It’s beginning to look more likely that the U.S. Supreme Court will consider the Obama administration’s appeal of a ruling that has barred the government from implementing his executive actions expanding the pool of people eligible for deferred action on deportations.
In a little-noted decision Tuesday, the Supreme Court rejected a request by Texas and 25 other states to extend the deadline for filing briefs in their challenge to the executive actions. They had sought a Jan. 20 deadline, which would have made it unlikely the court could act before the end of the current term. Instead, the court set a Dec. 29 deadline for those briefs, which shifts the calendar forward enough to allow a hearing in January and, if the court accepts the case, a decision by summertime.
And that, of course, would make immigration a prime topic for the fall presidential and congressional elections. As if it’s not a hot enough topic already.
The issue in the case is Obama’s decision in November 2014 to expand the Deferred Action for Childhood Arrivals program by loosening birth year and date of arrival restrictions, add Deferred Action for Parents of Americans and Lawful Permanent Residents (DAPA) exceptions, and let the parents apply for work permits. To qualify, parents must have lived in the country for at least five years and pass background checks.
Advocates and analysts vary in their estimates, but it is believed that the moves would give breathing room to at least 4 million of the more than 11 million people currently living in the U.S. without permission.
What to do with the 11 million or so people here illegally is a thorny political and moral question, and it has helped propel the presidential candidacy of Donald Trump while simultaneously exposing an ugly underside of American politics. Despite assertions from Trump et al. that those here illegally should be summarily deported, it is neither feasible (the cost alone would be prohibitive) nor wise to do so given the deep impacts on families, businesses, and communities.
The best solution is legislative -- comprehensive immigration reform that addresses the status of those already here while stiffening border protections and tracking those who enter on visas to ensure they leave when they are supposed to. As it is, the median length of residence for undocumented immigrants is more than 12 years, and nearly two-thirds of Americans think their undocumented neighbors ought to be able to follow a path to citizenship.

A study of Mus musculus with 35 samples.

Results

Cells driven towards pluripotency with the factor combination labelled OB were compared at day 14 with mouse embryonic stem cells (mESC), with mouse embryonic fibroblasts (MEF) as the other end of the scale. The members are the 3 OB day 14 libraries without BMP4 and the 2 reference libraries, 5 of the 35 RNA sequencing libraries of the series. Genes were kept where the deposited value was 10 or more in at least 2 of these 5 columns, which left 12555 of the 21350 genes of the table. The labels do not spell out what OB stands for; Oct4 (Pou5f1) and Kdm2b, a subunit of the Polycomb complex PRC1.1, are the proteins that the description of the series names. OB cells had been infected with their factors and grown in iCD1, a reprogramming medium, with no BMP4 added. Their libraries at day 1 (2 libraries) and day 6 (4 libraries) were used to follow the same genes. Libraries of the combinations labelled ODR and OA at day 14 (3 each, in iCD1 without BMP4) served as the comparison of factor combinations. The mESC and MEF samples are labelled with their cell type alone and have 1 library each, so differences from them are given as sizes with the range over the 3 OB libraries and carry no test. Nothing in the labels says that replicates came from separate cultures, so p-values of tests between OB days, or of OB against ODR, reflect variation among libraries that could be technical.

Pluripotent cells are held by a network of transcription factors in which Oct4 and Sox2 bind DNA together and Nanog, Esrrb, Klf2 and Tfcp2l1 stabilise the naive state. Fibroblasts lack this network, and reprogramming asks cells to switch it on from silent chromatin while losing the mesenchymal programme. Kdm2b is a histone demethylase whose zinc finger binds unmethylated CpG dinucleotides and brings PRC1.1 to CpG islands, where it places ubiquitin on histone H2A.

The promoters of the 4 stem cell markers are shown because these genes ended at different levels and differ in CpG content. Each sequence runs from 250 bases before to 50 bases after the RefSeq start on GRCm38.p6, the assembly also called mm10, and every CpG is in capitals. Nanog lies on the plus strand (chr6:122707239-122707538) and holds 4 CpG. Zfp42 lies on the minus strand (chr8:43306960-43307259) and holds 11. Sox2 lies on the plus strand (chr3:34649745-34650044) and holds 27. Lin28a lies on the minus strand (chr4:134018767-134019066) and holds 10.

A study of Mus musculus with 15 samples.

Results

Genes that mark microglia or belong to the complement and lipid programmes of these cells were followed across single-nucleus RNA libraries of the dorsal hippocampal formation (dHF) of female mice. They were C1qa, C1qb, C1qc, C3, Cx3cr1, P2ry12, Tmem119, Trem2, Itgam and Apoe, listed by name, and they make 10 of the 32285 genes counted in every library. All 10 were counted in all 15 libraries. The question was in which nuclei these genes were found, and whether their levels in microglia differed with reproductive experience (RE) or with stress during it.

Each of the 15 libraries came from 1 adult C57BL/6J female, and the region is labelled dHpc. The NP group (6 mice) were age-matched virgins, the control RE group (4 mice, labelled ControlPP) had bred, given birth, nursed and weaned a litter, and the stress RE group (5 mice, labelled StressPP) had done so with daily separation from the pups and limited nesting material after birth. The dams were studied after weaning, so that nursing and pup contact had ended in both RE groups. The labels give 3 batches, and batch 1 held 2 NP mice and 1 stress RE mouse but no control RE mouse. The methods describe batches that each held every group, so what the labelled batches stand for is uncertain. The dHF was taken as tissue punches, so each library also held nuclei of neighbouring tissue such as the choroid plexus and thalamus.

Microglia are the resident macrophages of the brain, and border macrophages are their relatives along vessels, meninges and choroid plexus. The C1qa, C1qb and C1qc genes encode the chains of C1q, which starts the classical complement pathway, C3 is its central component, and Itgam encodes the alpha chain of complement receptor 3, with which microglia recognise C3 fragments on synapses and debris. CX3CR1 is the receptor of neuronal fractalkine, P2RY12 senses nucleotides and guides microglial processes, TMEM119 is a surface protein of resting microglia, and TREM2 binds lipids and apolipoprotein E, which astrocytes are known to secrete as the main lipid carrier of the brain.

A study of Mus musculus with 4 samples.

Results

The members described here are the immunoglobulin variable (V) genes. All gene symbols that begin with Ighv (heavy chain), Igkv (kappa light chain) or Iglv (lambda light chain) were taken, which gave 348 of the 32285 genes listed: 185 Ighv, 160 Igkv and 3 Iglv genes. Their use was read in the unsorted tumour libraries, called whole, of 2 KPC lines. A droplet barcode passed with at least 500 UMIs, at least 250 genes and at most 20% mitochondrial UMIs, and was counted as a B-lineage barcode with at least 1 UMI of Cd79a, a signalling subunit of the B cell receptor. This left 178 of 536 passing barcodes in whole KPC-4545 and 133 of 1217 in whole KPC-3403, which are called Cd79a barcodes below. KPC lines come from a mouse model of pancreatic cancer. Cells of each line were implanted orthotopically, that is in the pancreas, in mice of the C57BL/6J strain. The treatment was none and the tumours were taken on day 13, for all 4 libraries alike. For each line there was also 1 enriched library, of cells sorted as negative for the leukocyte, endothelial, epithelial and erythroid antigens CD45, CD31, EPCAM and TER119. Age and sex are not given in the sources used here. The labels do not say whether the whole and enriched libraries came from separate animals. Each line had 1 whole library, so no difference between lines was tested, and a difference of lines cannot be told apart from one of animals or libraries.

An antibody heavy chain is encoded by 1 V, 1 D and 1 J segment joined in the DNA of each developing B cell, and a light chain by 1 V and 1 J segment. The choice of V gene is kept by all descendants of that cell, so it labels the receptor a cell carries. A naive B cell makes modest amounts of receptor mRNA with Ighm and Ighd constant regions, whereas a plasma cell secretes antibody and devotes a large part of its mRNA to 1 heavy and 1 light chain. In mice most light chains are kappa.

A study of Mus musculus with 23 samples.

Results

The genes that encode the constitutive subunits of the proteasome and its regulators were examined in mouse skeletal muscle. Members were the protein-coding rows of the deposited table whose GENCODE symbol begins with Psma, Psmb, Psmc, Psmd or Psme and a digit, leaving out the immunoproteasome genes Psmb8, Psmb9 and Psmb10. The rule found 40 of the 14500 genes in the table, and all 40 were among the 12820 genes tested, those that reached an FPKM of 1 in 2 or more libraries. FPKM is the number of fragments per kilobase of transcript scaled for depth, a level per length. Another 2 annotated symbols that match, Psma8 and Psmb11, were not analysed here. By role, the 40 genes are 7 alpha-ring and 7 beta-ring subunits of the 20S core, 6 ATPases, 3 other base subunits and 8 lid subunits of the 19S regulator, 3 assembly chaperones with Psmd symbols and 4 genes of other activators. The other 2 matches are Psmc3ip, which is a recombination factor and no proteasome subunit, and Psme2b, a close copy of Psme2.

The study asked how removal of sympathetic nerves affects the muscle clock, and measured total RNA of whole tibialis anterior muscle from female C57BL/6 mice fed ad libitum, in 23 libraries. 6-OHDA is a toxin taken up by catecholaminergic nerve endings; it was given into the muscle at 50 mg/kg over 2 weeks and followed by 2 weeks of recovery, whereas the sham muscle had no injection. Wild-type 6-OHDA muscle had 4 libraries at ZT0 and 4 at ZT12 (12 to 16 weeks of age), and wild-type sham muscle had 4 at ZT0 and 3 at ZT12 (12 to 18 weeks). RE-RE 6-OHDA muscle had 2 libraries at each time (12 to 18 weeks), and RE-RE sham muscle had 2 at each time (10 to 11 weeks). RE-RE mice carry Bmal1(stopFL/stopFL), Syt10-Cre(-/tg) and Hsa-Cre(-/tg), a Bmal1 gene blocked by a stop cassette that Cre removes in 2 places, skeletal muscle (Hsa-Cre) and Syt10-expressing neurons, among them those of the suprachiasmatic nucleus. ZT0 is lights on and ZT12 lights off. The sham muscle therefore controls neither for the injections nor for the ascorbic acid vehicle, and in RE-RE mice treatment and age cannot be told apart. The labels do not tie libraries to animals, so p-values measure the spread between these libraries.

Given that, it makes sense for the government to prioritize who it targets for deportation, focusing first on those who pose threats to national security or public safety. That’s what Obama’s executive actions would do. The states that sued to halt the executive actions argue that Obama exceeded his authority under the Constitution, but the language of the Immigration and Nationality Act and court rulings make it clear that Obama was within his authority.
Congress intended to leave it to the executive branch to determine who to pursue for deportation, and gave the government the ability to let those against whom it has deferred deportation get jobs (which, when you think about it, is preferable to forcing them to wallow in poverty). If the folks who oppose Obama’s actions really want to limit his power, then they should be petitioning Congress to finally get around to that comprehensive immigration reform.
But that won’t happen. House Speaker Paul D. Ryan (R-Wis.) already ruled it out, embracing the conservatives’ specious argument that it makes no sense to address the law because they don’t trust Obama to enforce it. In reality, it’s a good issue for the right to rail about and fire up the base in congressional districts. But were they to act and force the deportations of even more folks than the Obama administration is deporting, they would lose support from a wide range of voters key to placing a Republican in the White House. It’s better for them politically to leave those 11 million people twisting in the wind.
Which is why it is good that the Supreme Court will have an opportunity to look at the case in the current term. Of course, if the court rejects the administration’s appeal, the U.S. 5th Circuit Court of Appeals’ ruling stands, which would effectively kill the deferred action programs. But it wouldn’t compel the administration to deport those folks. It would just extend the uncertainty in the lives of the undocumented.
If the court takes the case, it’s unclear how it would ultimately rule. But the case history on the issue suggests that the administration ought to prevail. And if that’s the case, the sooner the government can get on with the DACA and DAPA relief, the better for millions of our neighbors.
Follow Scott Martelle on Twitter @smartelle.